Food Sovereignty in Central America: A Comparison of Conventional and Regenerative Practices
Rural communities in Central America have been facing a series of intricate problems regarding crop production since the 1970s. On one hand, the agro-industrial complex dedicated to export crops (bananas, sugar cane, papaya, cacao, coffee, oranges, etc.) have continued to accumulate the most fertile and suitable lands.
Large private landowners, as well as private companies, have relied on the key principles of conventional farming, namely: monocropping, high external input use, mechanisation, improved seed varieties and/or hybrids and cheap local labour. Public policies, marketing and the perception of peasants transitioning being transformed into agricultural workers have all served to promote the conventional crop production system as a panacea and the only possible way to achieve modernity and progress.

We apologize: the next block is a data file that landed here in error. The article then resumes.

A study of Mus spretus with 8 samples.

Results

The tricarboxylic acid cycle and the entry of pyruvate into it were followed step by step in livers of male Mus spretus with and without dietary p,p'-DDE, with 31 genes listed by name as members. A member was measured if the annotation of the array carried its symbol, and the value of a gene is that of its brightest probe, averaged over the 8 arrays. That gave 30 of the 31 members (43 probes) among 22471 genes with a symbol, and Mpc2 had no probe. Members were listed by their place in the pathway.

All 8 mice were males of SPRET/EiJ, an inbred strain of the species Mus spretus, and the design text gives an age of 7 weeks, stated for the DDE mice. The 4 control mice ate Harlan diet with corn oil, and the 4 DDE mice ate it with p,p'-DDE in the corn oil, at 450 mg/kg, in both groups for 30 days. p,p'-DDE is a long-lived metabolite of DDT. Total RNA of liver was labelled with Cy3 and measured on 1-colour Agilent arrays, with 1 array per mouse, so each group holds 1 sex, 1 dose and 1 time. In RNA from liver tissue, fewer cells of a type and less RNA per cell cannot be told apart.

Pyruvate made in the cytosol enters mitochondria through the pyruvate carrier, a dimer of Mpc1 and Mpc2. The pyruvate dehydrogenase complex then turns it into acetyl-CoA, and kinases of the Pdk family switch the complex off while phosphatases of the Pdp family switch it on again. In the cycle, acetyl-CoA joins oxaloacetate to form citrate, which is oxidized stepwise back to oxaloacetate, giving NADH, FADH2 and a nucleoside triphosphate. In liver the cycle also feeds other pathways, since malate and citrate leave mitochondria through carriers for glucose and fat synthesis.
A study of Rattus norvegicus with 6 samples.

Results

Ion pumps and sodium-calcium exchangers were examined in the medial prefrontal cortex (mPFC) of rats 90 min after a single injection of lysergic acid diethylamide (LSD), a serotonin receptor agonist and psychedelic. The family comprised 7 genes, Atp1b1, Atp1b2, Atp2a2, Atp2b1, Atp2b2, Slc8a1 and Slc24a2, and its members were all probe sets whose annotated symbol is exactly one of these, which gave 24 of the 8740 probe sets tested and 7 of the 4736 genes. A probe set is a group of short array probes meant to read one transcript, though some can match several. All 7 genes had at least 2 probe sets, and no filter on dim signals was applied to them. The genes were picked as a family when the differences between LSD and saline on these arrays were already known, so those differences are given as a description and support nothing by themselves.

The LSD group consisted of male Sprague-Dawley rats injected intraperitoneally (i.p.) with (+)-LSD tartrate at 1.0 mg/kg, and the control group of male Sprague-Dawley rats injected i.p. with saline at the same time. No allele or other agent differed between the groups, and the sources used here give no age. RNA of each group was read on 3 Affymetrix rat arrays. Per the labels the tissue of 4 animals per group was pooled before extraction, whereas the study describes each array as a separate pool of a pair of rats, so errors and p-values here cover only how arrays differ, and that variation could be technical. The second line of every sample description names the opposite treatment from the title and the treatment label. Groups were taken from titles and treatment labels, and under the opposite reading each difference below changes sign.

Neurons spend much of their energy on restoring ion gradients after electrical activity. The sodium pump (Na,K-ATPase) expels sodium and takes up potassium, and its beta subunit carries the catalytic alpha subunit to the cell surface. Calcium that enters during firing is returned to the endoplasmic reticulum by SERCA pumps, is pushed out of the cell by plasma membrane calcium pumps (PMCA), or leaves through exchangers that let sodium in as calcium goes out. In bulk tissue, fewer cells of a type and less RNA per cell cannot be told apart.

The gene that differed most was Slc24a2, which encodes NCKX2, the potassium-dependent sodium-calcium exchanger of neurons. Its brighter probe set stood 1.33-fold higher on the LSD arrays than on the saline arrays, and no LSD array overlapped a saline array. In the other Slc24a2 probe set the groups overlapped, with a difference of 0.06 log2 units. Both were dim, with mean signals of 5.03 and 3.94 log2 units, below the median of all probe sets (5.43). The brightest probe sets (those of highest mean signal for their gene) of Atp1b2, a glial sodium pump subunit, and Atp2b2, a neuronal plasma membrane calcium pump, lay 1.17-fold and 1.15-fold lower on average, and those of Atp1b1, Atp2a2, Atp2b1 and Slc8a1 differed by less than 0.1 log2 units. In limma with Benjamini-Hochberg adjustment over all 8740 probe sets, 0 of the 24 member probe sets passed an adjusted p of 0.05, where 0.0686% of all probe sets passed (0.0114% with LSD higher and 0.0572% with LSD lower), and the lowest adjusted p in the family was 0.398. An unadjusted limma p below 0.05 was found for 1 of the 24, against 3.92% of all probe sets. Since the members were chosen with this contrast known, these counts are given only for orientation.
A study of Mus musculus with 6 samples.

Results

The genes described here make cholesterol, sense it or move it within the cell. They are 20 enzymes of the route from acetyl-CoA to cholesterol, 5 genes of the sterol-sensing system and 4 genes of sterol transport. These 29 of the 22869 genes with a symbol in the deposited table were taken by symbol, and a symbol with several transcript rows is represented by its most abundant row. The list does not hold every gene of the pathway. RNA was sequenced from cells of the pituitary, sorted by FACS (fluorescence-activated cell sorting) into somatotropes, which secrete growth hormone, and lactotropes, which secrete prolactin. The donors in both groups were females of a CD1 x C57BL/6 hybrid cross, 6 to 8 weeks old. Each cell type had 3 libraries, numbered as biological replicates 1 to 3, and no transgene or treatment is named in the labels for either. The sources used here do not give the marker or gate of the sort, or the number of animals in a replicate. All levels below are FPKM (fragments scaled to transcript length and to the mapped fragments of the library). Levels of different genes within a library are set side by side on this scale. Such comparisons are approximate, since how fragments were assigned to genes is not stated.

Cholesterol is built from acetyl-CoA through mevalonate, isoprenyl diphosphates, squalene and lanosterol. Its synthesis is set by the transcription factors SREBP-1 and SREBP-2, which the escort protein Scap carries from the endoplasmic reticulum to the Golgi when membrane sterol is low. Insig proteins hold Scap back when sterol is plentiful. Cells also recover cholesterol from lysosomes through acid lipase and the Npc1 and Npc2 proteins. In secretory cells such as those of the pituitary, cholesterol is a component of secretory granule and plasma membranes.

All these factors have contributed to a copycat effect in rural communities, where peasants try to imitate and apply the principles of conventional agriculture. With low capital and in marginal lands (steep slopes, swamps, isolated, etc.) mechanisation has been almost impossible to achieve, but the use of improved seeds and synthetic inputs has been extended through government subsidies programs and international cooperation agencies using the agro-industrial complex as their supplier.
High synthetic chemical use has created an environmental and health crisis as well as debt and economic dependency for peasants' households. Monocropping and the preference for cash crops has negatively affected the diets of rural households. This study compared the production diversity and its effects on dietary conditions of rural households that have adopted the principles of conventional agriculture with those households that have kept regenerative agriculture principles (crop diversity and associations, local seeds and crops, organic fertilisation, etc.).
The study was based on direct measurements of crop diversity in plots and food diversity in kitchens, as well as semi-structured surveys in a stratified sample of 540 households distributed among 25 rural communities of three countries (Belize, Honduras and Panama). The results concluded that households practicing regenerative agriculture have a more diverse diet, more protein consumption, and less dependency on external purchases when compared to households practicing conventional agriculture.
From Paper presented in Tropentag 2019.